Cyber Security and Emerging Threats Dahlia James

A Shift in Allegiances has Emerged in the Ongoing Syrian Civil War

Turkish forces based in Syria shelled Syrian rebel positions for the first time in the over two year-long conflict. This comes as a surprise to the international community as Turkish Prime Minister Recep Tayyip Erdogan has been steadfast in his support of the Syrian opposition. Especially because Turkey kept its borders open with Syria for the purpose of providing rebel fighters with refuge and numerous resources, in addition to ordering attacks on Mr. Assad’s forces.

A change in strategy reflects the pattern of other states that initially backed rebel forces, but became unwilling to help them after it was revealed that Islamist fundamentalists had emerged as dominating the Syrian opposition. Prime Minister Erdogan was pressed to alter his initial decision (of supporting the rebels) because security along the border is becoming a serious issue; the violence has become critical enough that NATO has implanted a protective missile battery along the border on Turkey’s behalf.  The country’s involvement in the conflict is becoming deeply unpopular with the Turkish public, especially because of the increase in violence and rising ethnic tensions on the border.

Despite the fact that Turkey felt stumped by the United States’ decision to shift from immediate military action to diplomacy (with the implementation of the Framework for Elimination of Syrian Chemical Weapons), it will likely continue responding to the conflict with military measures.  The sectarian violence between Alawites and Sunnis (the former supporting President Assad and the latter supporting the opposition) in the Turkish province of Hatay has become too pressing to ignore and will need a forceful response.  Additionally, an increase in demonstrations by Kurdish independence groups in Syrian enclaves that border Turkey has caught the attention of Turkish authorities.  Both these events have led to vigorous counter-action, including the construction of a 2.5 kilometer-long wall along the border, and we can expect more military measures to ensure a semblance of peace and security.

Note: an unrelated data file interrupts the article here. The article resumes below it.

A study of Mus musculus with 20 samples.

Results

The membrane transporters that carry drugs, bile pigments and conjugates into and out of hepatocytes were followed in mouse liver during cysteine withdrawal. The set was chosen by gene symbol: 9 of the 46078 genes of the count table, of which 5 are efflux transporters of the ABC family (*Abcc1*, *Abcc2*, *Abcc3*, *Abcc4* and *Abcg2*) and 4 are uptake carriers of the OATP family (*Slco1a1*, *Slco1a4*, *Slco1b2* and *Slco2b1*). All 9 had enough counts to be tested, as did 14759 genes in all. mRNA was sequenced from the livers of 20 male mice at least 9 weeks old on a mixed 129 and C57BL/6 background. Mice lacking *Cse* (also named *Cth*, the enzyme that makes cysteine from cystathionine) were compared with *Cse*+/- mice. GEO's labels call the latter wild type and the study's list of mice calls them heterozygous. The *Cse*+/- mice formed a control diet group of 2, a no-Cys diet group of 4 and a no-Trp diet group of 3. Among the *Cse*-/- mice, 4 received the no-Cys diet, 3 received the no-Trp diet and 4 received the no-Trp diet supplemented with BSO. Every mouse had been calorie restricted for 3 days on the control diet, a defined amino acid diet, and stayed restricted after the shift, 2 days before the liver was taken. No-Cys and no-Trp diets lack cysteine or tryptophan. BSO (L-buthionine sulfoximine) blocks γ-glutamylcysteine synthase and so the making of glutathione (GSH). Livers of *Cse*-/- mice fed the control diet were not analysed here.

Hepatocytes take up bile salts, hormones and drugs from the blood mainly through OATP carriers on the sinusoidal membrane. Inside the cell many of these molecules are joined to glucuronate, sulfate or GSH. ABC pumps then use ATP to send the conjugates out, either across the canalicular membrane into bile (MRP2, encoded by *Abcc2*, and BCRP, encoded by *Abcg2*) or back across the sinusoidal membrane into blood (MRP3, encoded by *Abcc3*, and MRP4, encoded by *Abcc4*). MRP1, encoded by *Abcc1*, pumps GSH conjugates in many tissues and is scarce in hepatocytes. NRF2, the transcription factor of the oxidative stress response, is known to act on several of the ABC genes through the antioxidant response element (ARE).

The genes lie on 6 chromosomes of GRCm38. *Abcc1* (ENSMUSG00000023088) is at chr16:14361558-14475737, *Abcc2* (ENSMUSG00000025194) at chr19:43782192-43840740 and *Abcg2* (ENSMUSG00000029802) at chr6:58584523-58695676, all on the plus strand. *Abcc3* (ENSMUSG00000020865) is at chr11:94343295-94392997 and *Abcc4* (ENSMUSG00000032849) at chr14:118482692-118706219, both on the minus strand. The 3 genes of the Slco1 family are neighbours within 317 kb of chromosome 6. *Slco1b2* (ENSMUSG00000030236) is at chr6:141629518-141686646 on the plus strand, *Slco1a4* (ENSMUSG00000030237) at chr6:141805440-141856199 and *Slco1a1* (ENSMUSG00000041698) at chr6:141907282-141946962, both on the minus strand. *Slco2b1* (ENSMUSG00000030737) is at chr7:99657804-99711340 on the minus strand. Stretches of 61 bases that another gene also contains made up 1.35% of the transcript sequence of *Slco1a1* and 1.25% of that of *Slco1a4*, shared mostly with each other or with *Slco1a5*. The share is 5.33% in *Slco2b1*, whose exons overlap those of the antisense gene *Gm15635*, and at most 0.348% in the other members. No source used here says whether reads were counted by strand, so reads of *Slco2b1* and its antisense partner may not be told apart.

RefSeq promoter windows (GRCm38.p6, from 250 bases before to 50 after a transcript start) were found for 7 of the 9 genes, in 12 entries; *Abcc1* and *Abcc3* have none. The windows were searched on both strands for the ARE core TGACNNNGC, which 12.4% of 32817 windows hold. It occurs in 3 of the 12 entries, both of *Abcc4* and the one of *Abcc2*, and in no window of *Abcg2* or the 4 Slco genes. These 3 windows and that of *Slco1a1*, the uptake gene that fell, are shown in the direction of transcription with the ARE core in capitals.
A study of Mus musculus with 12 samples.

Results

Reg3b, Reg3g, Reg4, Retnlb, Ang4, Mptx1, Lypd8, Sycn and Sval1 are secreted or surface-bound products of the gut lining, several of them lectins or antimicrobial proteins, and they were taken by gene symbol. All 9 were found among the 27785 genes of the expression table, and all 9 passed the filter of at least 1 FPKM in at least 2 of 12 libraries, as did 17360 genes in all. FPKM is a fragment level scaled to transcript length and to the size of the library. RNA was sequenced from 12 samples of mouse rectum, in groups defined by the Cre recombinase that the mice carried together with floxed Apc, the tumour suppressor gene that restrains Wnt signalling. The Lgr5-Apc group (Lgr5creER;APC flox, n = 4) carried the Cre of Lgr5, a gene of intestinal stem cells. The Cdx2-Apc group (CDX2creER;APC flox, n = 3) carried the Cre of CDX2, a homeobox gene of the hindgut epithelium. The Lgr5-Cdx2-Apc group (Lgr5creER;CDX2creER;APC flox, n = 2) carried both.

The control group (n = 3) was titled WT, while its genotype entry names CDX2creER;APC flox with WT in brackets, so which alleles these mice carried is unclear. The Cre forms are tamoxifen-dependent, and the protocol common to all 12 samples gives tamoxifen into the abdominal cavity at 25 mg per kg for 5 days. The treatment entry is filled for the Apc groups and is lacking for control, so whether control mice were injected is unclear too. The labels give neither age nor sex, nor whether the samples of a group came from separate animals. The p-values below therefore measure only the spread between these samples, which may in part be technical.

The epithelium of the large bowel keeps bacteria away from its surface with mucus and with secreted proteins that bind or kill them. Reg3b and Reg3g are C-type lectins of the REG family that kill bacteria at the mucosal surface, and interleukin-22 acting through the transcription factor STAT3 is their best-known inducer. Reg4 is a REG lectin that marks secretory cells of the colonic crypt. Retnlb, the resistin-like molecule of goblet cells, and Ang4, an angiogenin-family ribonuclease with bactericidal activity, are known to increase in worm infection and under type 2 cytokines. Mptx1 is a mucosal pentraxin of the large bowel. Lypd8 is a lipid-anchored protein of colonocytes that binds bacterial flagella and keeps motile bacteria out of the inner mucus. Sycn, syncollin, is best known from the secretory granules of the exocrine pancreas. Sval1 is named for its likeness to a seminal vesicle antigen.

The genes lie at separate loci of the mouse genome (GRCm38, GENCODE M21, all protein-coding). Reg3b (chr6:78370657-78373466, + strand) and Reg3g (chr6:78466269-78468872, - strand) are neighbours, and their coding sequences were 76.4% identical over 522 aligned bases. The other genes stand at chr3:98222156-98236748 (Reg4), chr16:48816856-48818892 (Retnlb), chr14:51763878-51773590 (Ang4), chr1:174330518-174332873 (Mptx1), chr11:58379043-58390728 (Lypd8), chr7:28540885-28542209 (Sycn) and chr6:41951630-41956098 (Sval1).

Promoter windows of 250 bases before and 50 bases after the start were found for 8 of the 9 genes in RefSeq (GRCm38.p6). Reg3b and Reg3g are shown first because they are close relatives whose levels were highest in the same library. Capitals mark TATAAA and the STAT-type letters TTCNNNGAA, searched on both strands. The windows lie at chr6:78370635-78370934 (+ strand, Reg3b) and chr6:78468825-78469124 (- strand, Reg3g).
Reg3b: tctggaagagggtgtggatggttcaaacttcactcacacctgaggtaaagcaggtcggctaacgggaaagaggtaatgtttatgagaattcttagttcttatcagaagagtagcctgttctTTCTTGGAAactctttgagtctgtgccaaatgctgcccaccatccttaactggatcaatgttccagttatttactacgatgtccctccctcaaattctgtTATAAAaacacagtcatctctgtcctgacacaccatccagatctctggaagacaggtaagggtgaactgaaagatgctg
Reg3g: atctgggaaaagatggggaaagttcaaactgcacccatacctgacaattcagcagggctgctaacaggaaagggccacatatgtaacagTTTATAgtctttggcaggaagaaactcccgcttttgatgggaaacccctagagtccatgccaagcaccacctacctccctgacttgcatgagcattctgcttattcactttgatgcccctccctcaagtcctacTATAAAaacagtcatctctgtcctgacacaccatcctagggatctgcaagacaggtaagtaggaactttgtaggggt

Dahlia James
Dahlia James is a Research Analyst at the NATO Association of Canada, where she writes articles on current events, as well as women in security, Canada’s involvement in NATO, and NATO’s multilateral connections. She has completed her Honours Bachelor of Arts degree at the University of Toronto, where she studied Political Science, History, and American Studies. For the entirety of the 2011-2012 academic year, she studied abroad at the Rothberg International School at the Hebrew University of Jerusalem where her studies were focused on Israeli foreign policy and Middle Eastern studies. Her recent experience includes acting as the Co-Editor in Chief of the Undergraduate Journal of American Studies at the Munk School of Global Affairs, and interning in the research and editorial department at the Jerusalem Centre of Public Affairs. Her interests lie in American foreign policy, Canadian-American bilateral affairs, and both Israeli and Middle Eastern politics.